Summer tentpole season hit a speed bump overseas, as the opening of “Speed Racer” met a wall of audience indifference — though the sting was eased somewhat by continued strong support for “Iron Man” and a solid launch for “What Happens in Vegas.”
“Speed” stalled out of the gate with a mere $12.6 million at 3,940 playdates during the May 9-11 frame. Though the international market’s shown plenty of traction recently for family-friendly fare such as “The Golden Compass” ($294 million overseas) and “Horton Hears a Who!” ($136 million foreign), the Warner Bros. actioner was a dud almost everywhere.
“Speed” hit the $1 million mark in only three of its 30 markets — $2.5 million in South Korea, where it was a distant second to the second frame of “Iron Man”; $2 million in Mexico; and $1.3 million in Brazil.
The European markets were far less interested. Spain led the way with $891,000, followed by $714,000 in the U.K., $411,000 in Italy and an especially dismal $146,908 at 590 in Germany, where it finished eighth.
By contrast, “What Happens in Vegas” opened with 15 times as much coin, at $1.9 million, to lead in Germany, which saw its slowest frame of the year as warm temps held down biz.
“Speed Racer” had received plenty of Teutonic press, since it was entirely shot at Studio Babelsberg outside Berlin and partially financed by federal and regional film grants. One exhib blames the pic’s failure not only on negative reviews and a lack of familiarity among Germans with the 1960s toon series upon which it’s based, but also on a possible aversion to its hyperkinetic graphics.
“I think people saw this computer game world and were not impressed,” he notes. “It was not something they wanted to immerse themselves in for two hours.”
“Speed” still has four major markets in which to open, starting with Russia on May 29, followed by Australia on June 12, France on June 18 and Japan on July 5.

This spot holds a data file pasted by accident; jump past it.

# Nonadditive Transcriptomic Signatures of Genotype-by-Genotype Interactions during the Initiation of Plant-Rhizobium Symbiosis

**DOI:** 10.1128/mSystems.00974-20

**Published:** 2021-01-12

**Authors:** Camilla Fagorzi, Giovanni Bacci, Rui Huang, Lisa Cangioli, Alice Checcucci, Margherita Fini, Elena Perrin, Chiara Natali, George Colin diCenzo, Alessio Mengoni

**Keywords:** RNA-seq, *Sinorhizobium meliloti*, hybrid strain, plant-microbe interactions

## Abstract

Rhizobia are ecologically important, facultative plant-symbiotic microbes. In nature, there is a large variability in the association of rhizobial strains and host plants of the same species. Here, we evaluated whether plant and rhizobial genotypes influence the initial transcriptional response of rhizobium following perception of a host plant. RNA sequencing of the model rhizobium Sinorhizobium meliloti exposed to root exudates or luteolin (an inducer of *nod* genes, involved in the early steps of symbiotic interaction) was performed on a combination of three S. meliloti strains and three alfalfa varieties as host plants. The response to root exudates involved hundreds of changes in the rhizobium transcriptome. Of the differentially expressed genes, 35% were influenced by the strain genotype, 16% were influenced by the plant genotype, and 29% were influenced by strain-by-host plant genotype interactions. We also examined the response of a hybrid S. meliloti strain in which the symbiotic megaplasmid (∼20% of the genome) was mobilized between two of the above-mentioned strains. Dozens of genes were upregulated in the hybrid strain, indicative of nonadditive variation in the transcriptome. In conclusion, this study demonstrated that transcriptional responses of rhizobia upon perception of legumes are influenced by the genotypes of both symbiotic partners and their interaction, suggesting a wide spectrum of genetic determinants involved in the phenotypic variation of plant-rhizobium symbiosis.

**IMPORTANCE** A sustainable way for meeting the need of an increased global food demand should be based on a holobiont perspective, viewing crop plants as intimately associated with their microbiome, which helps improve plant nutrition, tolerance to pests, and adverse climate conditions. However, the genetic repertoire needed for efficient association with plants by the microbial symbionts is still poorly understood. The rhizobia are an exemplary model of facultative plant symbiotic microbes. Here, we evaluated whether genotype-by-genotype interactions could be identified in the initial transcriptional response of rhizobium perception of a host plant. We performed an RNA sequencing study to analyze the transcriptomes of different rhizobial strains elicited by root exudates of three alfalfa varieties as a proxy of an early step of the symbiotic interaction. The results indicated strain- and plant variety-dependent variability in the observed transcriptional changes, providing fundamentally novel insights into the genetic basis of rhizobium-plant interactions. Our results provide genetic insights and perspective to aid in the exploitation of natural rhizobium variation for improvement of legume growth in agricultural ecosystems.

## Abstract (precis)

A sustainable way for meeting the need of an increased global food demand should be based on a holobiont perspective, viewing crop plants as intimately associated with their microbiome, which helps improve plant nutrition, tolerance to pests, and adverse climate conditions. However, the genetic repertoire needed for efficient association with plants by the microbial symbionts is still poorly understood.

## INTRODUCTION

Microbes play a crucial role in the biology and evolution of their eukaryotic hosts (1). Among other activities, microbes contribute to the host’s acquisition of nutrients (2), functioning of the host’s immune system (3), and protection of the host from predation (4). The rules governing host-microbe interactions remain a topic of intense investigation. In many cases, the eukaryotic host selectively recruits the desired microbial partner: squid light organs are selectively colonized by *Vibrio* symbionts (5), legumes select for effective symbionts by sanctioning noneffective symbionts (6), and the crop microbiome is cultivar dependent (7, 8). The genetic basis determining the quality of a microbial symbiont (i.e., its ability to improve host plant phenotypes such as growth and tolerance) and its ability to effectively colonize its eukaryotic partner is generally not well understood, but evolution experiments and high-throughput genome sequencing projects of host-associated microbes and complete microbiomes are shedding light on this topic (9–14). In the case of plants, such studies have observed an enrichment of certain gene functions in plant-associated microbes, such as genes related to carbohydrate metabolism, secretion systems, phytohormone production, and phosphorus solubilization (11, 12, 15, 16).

But its opening frame gives little hope it will generate significant biz during the remainder of its run.
The rest of the tentpoles still should perform well, though they may fall short of last summer’s super-charged slate.
Despite the heat in Europe and an unsurprising 61% decline in its soph sesh, “Iron Man” still managed to capture an impressive $38.7 million at 7,217 in its second frame. And “Vegas” cashed in a better-than-expected $24.9 million at 3,904 for a respectable $6,369 per-location average.
That meant the tentpole trio combined for $76 million overseas — 9% short of the $83 million tally for the second frame of “Spider-Man 3” during the same frame a year ago. With “Iron Man” and “Vegas” expected to supply decent holdover biz and “The Chronicles of Narnia: Prince Caspian” opening in a dozen markets during May 16-18, overall biz looks to be in decent shape for what should be a massive foreign day-and-date launch of “Indiana Jones and the Kingdom of the Crystal Skull” starting May 20.
The fourth Indiana Jones pic’s likely to join the club of 10 films that have topped the $100 million mark on their opening weekend, which “Iron Man” nearly cracked on its launch frame. That list is topped by last summer’s leaders — “Pirates of the Caribbean: At the End of the World” with $251 million, “Spider-Man 3” with $239 million and “Harry Potter and the Order of the Phoenix” with $193 million.
“Iron Man” won’t wind up in the same vicinity as that trio, with each going well past the $500 million overseas. But with $163 million of overseas coin in the bank as of May 11, it should easily pass the $250 million mark — a milestone reached by only 75 pics — by the end of its run.
In the U.K., “Iron Man” held top spot despite dropping 64% to $3.9 million, pushing its Brit cume past $20 million, easily topping the launch of female-skewed “What Happens in Vegas” with $2.5 million at 398. Most pics struggled for auds in a sweltering weekend that saw standing room only at some British beaches plus the hype surrounding the final weekend of the English soccer Premier League.
In Italy, “Iron Man” dropped 50% to $1.6 million, edging “What Happens in Vegas” with $1.3 million from 295 for the flat frame’s highest per-screen average — $4,640. Local boxing biopic “Carnera — the Walking Mountain” took the Italo frame’s biggest beating, bowing at a bruising $213,000 from 244. But Sergei Bodrov’s Gengis Khan biopic “Mongol,” bowed decently with $350,000 from 135 via BIM Distribuzione.
In Spain, “Vegas” easily topped “Iron Man,” with $3.7 million, as rain helped drive traffic. “The appeal of duo Cameron Diaz and Ashton Kutcher and the precedent of ‘There’s Something About Mary’ worked as a nice formula,” a satisfied booker declares.
Archie Thomas in the U.K., Ed Meza in Germany, Emilio Mayorga in Spain and Nick Vivarelli in Italy contributed to this report.